The Count Lucanor has one of the most misguided marketing approaches of any game I’ve ever encountered. It’s not the intentional bait and switch of Gone Home or the malicious falsehood of Infestation: Survivor Stories, though. It seems like the developers honestly didn’t know what component of their product to emphasize, so they just drew some descriptors from a hat, and a slight majority of the results referred to the game’s horror elements. That doesn’t make the game itself bad – in fact, I refuse to see any malice in its inaccurate Steam description largely because its content is consistently decent – but it does warp the frame of mind that most players are going to enter it with.
I went into this thinking, “How is this a horror game?” and ended it with that question largely unanswered. The developers list Silent Hill as an influence, but its closest parallel in the genre is probably The Last Door, in that they both seem to be reaching for a record scare-to-pixel ratio. But while The Last Door’s atmosphere benefited from indistinct environments and faceless characters, The Count Lucanor is working with a sharper, brighter style that hides nothing and gives its characters either goofy dot-eyes or a wholly inoffensive anime style. There are a handful of potentially effective shocking moments to the narrative, but they’re not highlighted by the visual irony; they’re only weakened by it.
When I eventually accepted that it wasn’t going to get any scarier, I realized the kind of game The Count Lucanor really is: a choice-driven narrative with a traditional video game attached to it that happens to have some creepy elements. It stars Hans, a poor peasant boy who runs away from home, only to immediately stumble into a surreal nightmare with an ancient castle at its core. Hans is told that if he can navigate the castle and overcome its trials, he’ll acquire it and its associated wealth. It’s not the most exciting or groundbreaking concept, but it was engaging enough to hold my attention steady throughout the 5-hour campaign and not feel like it had been wasted by the end.
The most original aspects of the title are its peculiar setting and characters, and the ability to illuminate the castle halls by placing limited numbers of candles (which is more interesting than it sounds, since a larger field of view is the only advantage the player has over their enemies). That’s obviously not much, but the game is probably stronger for its reigned-in ambitions. It feels like the solid implementation that “proof of concept” games like Dear Esther and Home have been laying the foundation for, where player-directed narrative is not the sole focus, but a tool used to craft a larger experience. Specifically, the experience of a classical fable whose archetype (i.e. Grimm, Disney, and everything in between) organically shifts with the player’s actions.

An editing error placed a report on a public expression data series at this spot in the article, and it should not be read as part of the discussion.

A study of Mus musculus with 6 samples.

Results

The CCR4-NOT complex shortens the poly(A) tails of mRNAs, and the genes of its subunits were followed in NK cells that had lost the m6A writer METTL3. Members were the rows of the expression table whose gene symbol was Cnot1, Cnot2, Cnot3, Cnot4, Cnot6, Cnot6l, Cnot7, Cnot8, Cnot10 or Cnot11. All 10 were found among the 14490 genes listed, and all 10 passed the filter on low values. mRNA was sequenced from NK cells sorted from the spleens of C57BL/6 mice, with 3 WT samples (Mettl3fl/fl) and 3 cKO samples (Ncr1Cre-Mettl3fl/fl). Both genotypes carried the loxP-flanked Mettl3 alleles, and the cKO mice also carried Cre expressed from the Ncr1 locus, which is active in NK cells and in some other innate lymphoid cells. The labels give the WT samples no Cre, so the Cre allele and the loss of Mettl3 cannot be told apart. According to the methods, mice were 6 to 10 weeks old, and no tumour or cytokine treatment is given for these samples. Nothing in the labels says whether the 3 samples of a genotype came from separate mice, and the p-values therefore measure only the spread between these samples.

“Actions” is the key word there, because choice is not presented with glorified radio buttons, but integrated into gameplay. For example, to retrieve an item from a character, players can use collected tools to trap the character and negotiate a trade, or enlist a local psychopath to kill the character and retrieve the item from his corpse. Moments like this are liberally sprinkled throughout the campaign, and while they’re rarely as momentous as that one, they almost always affect future events or gameplay. Said gameplay is primarily composed of a mix of physical and text-based puzzles with a very agreeable difficulty. Notably, the most complex puzzles are also the most localized, ensuring that multi-room riddles elicit minimum frustration while retaining their inherent satisfaction.
Unfortunately, The Count Lucanor’s genre identity crisis is not the only thing that distracts from its positive qualities. The writing is a notable mixed bag; while its sense of humour is an unexpected and welcome inclusion, its casual, prepubescent tone (Hans’ catchphrase is “Zowie!”) constantly pulls you out of the experience. Similarly, the effectively eerie sound design is undermined by its constant repetition, and the soundtrack’s appropriate composition is tainted by its clichéd instrumentation. Unsurprisingly for a game with so many intersecting, debatably symbolic plot threads, there’s also a fair amount of underused and unexplained content, particularly towards the end of the tale. It’s possible these things have some significance in the 14th century short stories the game is based on, but whatever it is, it’s not articulated here.
The game’s most grievous fault, however, is the non-puzzle gameplay, which shouldn’t be surprising, given that it’s the facet that most embraces the ill-advised horror label. It’s theoretically sound, if a little simplistic: the castle corridors are stalked by imposing creatures, against which the only defence is running and hiding under tables. It’s the details that spoil it; the creatures’ ability to draw in Hans from a distance without actually touching him feels cheap and inconvenient more than frightening, and the impression is only compounded by the finite number of saving and healing items available. The official description also namedrops The Legend of Zelda as an inspiration, but the only thing they seem to share are the frustratingly inconsistent movement patterns of the original Zelda’s enemies.
Many of these flaws can be overlooked or even outright forgiven thanks to the swift pace (regarding structure and progression, at least; movement is still on the slow side). The genre confusion dissolves quickly enough, the stealth portions are essentially interludes between better segments, and the inevitable desire to view alternate branches of the story can be satisfied with relatively little hassle. This will never be anyone’s favourite title, but it’s a riskless purchase for anyone who wishes that story-focused games had a little more gameplay to them.